Investment in shares is a topic of huge interest at the moment.
Last year in 2020, we saw $2.7 billion dollars spent by NZ’s private business sector on research and development (Stats NZ).
So when we think about what happens to your money in exchange for shares, those funds will likely be used to support the growth of that business. Where that capital injection can be used to fund the company’s endeavours to enter new markets, develop service delivery via digital means and/or enhancing local manufacturing.
Whether you’re an existing NZ shareholder or thinking about becoming one, here are JH LAW’s top 5 things to know about being a shareholder. Let’s get into it!
There are certainly tax conversations to be had about owning shares. However, without going into too much detail here, there is one concept we can note being imputation credits.
How Credits Work: If you get dividends from a company, those dividends will usually have imputation credits attached. Imputation credits represent income tax already paid by the company and allow shareholders to use these imputation credits when they go to pay tax on their received dividends.
In essence, this means company profits are not taxed twice.
Not Enough Credits: If your dividends are not fully imputed (i.e. not enough company tax was paid) then resident withholding tax (RWT) will apply. What happens here, is that the company paying the dividend will deduct RWT (at a rate of 33%) before making payment to you as shareholder.
Frequency of Dividends: A company can authorise a distribution at any time and for any amount (Section 52). However, there is a responsibility on the directors to ensure that the company will still be solvent after any distribution of a dividend.
Benefits of a Dividend Policy: Ideally, the company should have a dividend policy. This is a guide for directors to know how much income to retain as earnings, to invest back into the company to support its growth, and how much to pay its shareholders via dividend.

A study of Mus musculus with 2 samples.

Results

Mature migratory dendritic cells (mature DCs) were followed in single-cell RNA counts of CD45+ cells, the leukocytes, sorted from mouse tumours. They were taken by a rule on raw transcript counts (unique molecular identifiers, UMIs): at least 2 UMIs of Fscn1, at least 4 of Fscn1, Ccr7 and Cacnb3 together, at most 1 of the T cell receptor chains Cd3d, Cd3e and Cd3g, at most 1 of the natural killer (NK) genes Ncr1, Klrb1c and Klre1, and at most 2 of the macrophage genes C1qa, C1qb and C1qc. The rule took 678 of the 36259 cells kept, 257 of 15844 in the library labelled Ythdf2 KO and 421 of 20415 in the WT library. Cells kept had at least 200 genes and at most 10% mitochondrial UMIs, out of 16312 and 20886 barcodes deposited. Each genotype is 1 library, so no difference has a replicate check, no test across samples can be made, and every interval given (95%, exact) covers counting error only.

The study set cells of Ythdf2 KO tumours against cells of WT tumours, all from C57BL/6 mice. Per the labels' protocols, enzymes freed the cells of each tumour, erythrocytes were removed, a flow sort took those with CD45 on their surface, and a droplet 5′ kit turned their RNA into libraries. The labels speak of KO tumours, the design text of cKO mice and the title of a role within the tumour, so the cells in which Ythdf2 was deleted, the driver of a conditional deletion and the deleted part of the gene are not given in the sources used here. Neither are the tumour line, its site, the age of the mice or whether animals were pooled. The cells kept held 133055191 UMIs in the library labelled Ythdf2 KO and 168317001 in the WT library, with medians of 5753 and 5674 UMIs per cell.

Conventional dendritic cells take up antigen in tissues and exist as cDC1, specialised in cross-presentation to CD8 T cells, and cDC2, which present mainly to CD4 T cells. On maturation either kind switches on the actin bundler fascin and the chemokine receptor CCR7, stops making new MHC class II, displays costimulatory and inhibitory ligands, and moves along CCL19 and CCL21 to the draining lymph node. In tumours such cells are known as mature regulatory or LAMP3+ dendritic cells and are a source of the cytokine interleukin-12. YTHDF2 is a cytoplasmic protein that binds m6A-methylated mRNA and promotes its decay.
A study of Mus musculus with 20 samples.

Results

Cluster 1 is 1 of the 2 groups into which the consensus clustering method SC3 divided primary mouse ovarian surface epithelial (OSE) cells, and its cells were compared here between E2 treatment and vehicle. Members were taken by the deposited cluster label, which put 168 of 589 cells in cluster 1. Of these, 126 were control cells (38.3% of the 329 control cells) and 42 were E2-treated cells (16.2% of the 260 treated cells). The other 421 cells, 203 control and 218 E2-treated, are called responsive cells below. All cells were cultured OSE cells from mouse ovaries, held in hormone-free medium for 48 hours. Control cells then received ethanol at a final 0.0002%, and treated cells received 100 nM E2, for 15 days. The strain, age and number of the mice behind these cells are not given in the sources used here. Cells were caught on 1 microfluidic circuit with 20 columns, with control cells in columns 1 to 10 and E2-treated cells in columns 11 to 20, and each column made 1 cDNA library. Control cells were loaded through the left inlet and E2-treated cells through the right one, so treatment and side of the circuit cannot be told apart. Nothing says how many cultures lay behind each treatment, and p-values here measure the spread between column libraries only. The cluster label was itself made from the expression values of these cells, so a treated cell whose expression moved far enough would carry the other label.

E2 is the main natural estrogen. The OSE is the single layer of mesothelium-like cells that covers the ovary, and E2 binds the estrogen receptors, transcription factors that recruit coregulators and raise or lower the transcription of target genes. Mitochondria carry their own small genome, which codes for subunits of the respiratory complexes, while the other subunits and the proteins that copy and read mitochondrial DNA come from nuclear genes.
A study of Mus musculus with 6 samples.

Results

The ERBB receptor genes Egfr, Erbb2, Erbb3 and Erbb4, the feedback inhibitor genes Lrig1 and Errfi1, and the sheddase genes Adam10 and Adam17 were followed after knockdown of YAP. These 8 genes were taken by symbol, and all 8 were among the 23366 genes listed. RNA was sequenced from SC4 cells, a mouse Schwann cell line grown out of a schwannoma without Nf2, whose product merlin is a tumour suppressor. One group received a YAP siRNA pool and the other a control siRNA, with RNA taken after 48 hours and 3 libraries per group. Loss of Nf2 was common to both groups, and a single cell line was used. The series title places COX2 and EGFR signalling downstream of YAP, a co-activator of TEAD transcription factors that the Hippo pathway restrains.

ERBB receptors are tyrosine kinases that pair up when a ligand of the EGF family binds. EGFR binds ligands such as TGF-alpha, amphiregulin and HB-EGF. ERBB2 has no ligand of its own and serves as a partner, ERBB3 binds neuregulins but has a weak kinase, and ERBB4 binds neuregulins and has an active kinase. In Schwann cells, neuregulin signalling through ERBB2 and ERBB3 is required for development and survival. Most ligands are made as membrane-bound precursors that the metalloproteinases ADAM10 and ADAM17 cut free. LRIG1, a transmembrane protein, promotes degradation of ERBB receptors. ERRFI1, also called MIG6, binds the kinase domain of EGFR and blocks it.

The ratio between the dividend and retained earnings can vary, correlating to the stage of a company, and a position that prudent investors will look for when deciding which company to entrust their funds with.
#3 Company Decisions
Shareholder Input & Consent: How often you’re called on by the board of directors to help decide what to do can depends on various factors, but largely comes down to a question of control.
It depends on how many shares you hold and whether they’re voting or non-voting ones. The board will get you to complete what's called a resolution, where they know that they will need at least 50% (ordinary resolution) or 75% (special resolution) shareholding consent before proceeding with certain company transactions.
Use the Shareholders Agreement: Assuming you have enough voting shares in a particular company, it helps to look for a list in the shareholders agreement that typically outlines all the different scenarios that shareholders can expect to provide input and consent.
Stay Informed: When you’re not also a director of the company, it can be hard to know what’s going on or how well (or not well) the company is performing. Thus, it is ideal to invest in companies that regularly produce updates to its shareholders (i.e. quarterly reporting) and reasonable access to company records.
Limited Liability: A shareholder’s liability is limited to any amounts owing by them on shares they own (and any personal guarantees given) (Section 97). A company’s debts are the responsibility of the company itself.
Take Care with Guarantees: Do watch out if you are asked to provide a personal guarantee for the company’s lending. More than often, a bank will do its due diligence to find out who the shareholders are and require a guarantee from each one (even minority shareholders). When this happens, do your best to limit that guarantee or negotiate no guarantee at all.
Public Disclosure: The NZ Companies Office shows the details of shareholders and where they reside. If the company does not maintain correct details of its shareholders, they can incur a penalty fine (Section 87(4)).
Suggestions for Reform: This position has over recent years sparked chatter to privatise shareholder details. This is akin to what we see for shareholders in the UK, Canada, Hong Kong and Singapore. However for shareholders in NZ, we will have to wait and see.
Please reach out to Janey at firstname.lastname@example.org if you have any questions regarding the above. The above is purely for informational purposes, where JH LAW will need to determine if the above information is applicable or appropriate to your particular situation.